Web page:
Maize is affected by abiotic stresses, including extreme heat and drought, which is exacerbated by climate change

According to a paper in CABI Reviews, heat and drought pose a major threat to food security and agricultural production and are exacerbated by ‘extreme and rapid’ climate change.

In order to come up with more practical solutions and management to heat and drought, a team comprising international scientists argue that we must understand plants’ biochemical, ecological and physiological responses to these stresses.

Plant responses to these challenges may be divided into:

  • Phonological
  • Physiological
  • Biochemical

How does extreme heat and drought affect plants?

Lead researcher Dr Aqarab Husnain Gondal, of the University of Agriculture Faisalabad, Pakistan, argues that as a result of physical damages, biological disruptions and biochemical abnormalities, sub-optimal water supplies and unusual temperatures negatively impact crop development and yields.

Supported by colleagues from Yarmouk University, Jordan, the National University of Huancavelica, Peru, and the Citrus Research Institute Sagodha, Dr Aqarab Husnain Gondal says a distinctive aspect of the phenomenon is comparing fundamental behaviour with abiotic stresses.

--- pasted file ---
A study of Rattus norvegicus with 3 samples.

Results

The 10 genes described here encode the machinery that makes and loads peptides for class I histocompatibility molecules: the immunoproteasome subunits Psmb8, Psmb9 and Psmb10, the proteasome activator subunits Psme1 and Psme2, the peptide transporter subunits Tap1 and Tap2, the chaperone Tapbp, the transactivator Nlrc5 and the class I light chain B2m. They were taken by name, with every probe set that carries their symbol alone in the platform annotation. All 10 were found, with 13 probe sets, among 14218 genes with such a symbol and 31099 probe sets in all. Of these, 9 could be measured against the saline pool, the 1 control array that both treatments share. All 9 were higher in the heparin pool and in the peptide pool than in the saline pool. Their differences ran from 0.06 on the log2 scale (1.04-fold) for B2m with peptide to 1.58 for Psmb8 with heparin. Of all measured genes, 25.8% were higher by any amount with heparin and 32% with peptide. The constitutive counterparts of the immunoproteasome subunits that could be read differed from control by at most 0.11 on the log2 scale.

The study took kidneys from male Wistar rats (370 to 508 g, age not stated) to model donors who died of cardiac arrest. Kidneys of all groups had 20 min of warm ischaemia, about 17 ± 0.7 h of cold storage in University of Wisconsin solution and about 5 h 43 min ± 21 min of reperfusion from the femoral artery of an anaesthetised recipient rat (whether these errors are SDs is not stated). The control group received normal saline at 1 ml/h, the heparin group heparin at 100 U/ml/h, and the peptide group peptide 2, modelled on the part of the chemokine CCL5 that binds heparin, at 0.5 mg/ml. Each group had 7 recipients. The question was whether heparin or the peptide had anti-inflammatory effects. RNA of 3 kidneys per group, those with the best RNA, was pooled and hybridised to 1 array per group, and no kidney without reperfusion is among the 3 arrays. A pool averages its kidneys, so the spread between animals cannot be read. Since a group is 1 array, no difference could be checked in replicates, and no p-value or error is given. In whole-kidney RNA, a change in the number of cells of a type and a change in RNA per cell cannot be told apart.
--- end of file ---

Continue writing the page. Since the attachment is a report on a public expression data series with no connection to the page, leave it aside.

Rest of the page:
Drought has reduced wheat and maize yields by up to 40% worldwide

Referring to a study examining data from research published between 1980 and 2015, scientists show how heat and drought have reduced wheat and maize yields by up to 40% worldwide.

Shockingly, projections suggest that for every degree Celsius rise in temperature, this would result in a 6% loss in global wheat yields.

Abiotic stresses are reducing crop yield all around the world

Dr Aqarab Husnain Gondal explains, “This review gives a thorough description of the adaptation of plants towards heat and drought stress with a particular emphasis on identifying similarities and variations.”

“Abiotic stresses are reducing crop yield all around the world. Heat and drought stress causes plants to respond in various ways – the most notable of which is by altering their development and morphology.”

“While the capacity of plants to withstand these pressures differs significantly across species, it is worthy to note that recent advances have been achieved in limiting the adverse consequences – either through genetic methods or by the induction of stress tolerance.”

Even though heat and drought stress may have a negative impact on the plant’s growth and development, reproductive growth is the most affected, the scientists argue.

Anthesis or grain-filling stress may majorly impact crop production if it is mild. Furthermore, heat and drought can also cause damage to the photosynthetic machinery, and oxidative stress and membrane instability.